CINCINNATI -- Not bad for a guy with a broken arm.
Playing with a soft cast protecting his surgically repaired left forearm, junior Tony Pike had one of his finest games Thursday night, throwing a pair of touchdown passes and steadying Cincinnati's offense in a 24-10 victory over No. 23 South Florida.
Pike was sharp in his second game back since he broke his non-passing arm, which is held together by a plate and six screws. A black wrap covered the removable cast that covers a 4-inch scar from the operation and softens the blows. He took several rattling hits and hung in there until the middle of the fourth quarter.
"He sees the whole field," said receiver Mardy Gilyard, who caught a 26-yard touchdown pass. "He does a good job of getting the offense going. When he's in there, everything is fluid."
Cincinnati (6-2, 2-1 Big East) was back to normal with an experienced quarterback running the no-huddle, spread offense again. Facing one of the conference's toughest defenses, Pike was 20-of-28 for 281 yards and two touchdowns, including a 1-yard pass to Connor Barwin that put the Bearcats up 24-10 early in the fourth quarter.
On that play, Pike had to take a direct snap from center instead of working out of the shotgun. The force of the snap hurt his left hand, limiting him to one play the rest of the way.
"After the touchdown to Connor, it was pretty painful," Pike said.
South Florida (6-3, 1-3) was the last Big East team ranked in the Top 25, a measure of the conference's struggles so far. The Bulls readily acknowledged that if they didn't win this one, they likely would have no chance for the league title.
Not even a steady quarterback could pull them through.
Junior Matt Grothe came into the game on a surge, throwing at least two touchdown passes in each of the last three games. He had only five interceptions all season, a sign of his dependability. But against the Bearcats, Grothe threw three -- two of them deflected -- against a defense that pressured him steadily.
"We can't turn the ball over the way we did," coach Jim Leavitt said. "I think Matt was trying too hard."
Grothe's toughest play was a tackle, pulling down Mike Mickens after a 58-yard interception return. The senior cornerback's 13th career interception set a Cincinnati record and set up its first touchdown.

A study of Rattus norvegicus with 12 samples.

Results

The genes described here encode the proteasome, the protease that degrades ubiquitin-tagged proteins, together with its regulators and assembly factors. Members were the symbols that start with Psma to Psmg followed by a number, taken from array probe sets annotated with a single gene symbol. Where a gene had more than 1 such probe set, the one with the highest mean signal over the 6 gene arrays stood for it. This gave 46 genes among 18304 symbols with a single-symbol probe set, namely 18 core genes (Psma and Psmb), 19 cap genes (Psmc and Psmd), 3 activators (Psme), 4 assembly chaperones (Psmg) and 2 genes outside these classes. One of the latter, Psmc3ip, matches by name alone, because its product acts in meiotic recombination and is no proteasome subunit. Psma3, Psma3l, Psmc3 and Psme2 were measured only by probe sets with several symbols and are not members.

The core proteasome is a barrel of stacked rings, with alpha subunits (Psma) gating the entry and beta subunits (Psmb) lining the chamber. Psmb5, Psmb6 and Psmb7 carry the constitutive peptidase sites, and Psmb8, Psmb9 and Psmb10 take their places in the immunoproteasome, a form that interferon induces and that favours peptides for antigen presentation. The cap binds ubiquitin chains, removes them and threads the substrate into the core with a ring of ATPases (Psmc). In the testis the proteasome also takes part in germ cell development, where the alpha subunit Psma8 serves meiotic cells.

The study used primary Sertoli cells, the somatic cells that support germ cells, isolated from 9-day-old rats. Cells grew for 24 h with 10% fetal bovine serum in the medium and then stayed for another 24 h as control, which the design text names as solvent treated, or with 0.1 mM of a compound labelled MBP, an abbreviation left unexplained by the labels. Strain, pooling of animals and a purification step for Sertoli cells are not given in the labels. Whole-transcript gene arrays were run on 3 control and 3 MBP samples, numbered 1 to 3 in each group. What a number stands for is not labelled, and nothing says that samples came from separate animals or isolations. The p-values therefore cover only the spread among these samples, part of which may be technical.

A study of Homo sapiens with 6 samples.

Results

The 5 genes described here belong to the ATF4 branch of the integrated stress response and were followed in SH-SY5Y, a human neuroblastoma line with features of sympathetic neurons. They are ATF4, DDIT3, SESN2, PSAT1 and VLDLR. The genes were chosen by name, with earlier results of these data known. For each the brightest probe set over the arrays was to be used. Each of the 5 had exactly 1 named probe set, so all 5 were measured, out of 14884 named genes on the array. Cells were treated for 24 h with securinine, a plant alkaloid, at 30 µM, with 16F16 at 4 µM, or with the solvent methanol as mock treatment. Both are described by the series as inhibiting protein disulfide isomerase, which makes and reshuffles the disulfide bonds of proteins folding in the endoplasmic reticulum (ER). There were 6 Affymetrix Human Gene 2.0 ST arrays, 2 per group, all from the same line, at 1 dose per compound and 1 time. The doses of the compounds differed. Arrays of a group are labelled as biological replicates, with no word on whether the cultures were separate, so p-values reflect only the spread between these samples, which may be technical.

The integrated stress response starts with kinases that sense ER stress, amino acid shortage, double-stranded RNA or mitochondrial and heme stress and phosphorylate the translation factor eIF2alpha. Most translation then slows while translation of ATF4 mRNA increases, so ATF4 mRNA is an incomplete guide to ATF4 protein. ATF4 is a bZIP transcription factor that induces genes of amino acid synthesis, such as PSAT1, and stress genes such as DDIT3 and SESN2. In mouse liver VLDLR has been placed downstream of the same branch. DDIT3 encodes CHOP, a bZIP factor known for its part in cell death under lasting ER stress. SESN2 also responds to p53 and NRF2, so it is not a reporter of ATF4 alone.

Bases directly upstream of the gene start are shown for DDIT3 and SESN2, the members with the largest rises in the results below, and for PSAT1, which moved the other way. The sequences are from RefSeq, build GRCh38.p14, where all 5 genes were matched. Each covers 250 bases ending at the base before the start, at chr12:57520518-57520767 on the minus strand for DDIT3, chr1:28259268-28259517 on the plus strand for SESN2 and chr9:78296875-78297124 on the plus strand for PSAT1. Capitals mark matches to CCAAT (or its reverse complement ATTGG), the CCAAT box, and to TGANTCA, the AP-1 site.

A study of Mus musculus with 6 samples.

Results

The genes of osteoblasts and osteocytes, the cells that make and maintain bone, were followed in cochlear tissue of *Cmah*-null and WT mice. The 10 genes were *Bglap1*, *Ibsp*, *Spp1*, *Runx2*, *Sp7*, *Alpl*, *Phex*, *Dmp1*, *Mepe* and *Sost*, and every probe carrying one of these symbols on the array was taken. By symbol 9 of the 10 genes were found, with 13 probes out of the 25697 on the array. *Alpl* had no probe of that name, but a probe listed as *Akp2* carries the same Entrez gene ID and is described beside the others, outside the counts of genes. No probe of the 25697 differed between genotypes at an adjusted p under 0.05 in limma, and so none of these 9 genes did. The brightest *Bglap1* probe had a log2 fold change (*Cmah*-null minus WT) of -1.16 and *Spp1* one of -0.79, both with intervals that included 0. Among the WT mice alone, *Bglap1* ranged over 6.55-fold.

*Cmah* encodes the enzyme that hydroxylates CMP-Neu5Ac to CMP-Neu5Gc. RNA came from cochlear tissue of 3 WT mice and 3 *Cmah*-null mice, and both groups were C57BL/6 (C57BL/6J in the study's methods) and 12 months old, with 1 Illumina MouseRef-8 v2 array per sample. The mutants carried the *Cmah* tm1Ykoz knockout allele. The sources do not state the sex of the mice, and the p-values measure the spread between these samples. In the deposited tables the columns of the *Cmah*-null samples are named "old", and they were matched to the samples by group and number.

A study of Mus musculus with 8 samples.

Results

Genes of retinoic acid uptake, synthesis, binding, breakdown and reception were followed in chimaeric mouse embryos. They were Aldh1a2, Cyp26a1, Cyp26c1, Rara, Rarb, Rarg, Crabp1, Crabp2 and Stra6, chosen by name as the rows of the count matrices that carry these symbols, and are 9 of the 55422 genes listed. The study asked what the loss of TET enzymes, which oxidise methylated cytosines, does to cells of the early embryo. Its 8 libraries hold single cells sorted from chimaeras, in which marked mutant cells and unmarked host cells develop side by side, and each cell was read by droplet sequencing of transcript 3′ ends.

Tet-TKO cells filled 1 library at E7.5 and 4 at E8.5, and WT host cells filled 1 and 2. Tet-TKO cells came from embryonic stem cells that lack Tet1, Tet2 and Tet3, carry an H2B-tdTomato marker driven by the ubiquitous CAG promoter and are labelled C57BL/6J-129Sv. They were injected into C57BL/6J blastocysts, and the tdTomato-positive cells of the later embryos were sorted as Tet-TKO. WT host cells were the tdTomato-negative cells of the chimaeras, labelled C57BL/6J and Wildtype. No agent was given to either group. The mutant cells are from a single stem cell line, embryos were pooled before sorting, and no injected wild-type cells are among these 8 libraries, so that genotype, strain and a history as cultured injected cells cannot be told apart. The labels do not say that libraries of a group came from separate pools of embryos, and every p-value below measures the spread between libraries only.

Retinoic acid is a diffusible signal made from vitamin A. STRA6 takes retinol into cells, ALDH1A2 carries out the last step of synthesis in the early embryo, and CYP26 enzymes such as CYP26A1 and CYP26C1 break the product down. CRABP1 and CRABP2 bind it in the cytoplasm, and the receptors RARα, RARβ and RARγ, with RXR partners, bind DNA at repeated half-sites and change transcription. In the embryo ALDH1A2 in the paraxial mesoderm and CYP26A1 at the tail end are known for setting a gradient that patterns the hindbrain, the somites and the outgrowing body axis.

"It means a lot to me," said Mickens, who had three interceptions this season. "The line and the linebackers got pressure on him, made him scramble and throw a bad ball. He doesn't like a lot of pressure. We knew that coming into the game. We played physical."
Grothe was 13-of-31 for 174 yards, but couldn't connect on his two most important throws. He misfired on a fourth-and-goal pass from the 5-yard line with 7:56 left, then had a fourth-down pass batted down in the end zone on the next possession, essentially ending it.
"That's the way it's been going," Grothe said. "We couldn't do anything. They did a good job of stopping us, and we did a good job of stopping ourselves."
Cincinnati's biggest problems have been at quarterback, where no one can stay healthy. Senior Dustin Grutza broke his right leg in the second game of the season. Pike, his junior backup, broke his forearm two games later, forcing redshirt freshman Chazz Anderson to start a couple of games.
Pike returned on Saturday against Connecticut, but had to leave at halftime because his left hand went numb. He did fine in warmups Thursday and started the game.
In the latest medical twist, Anderson was dropped from backup to emergency status because he was bothered by a sprained knee suffered earlier in the season. Zach Collaros, another redshirt freshman, took over for Pike in the fourth quarter and finished it off with running plays.
The pell-mell changes at quarterback bogged down Cincinnati's offense, which failed to convert any of its 25 third-down chances in the last two games.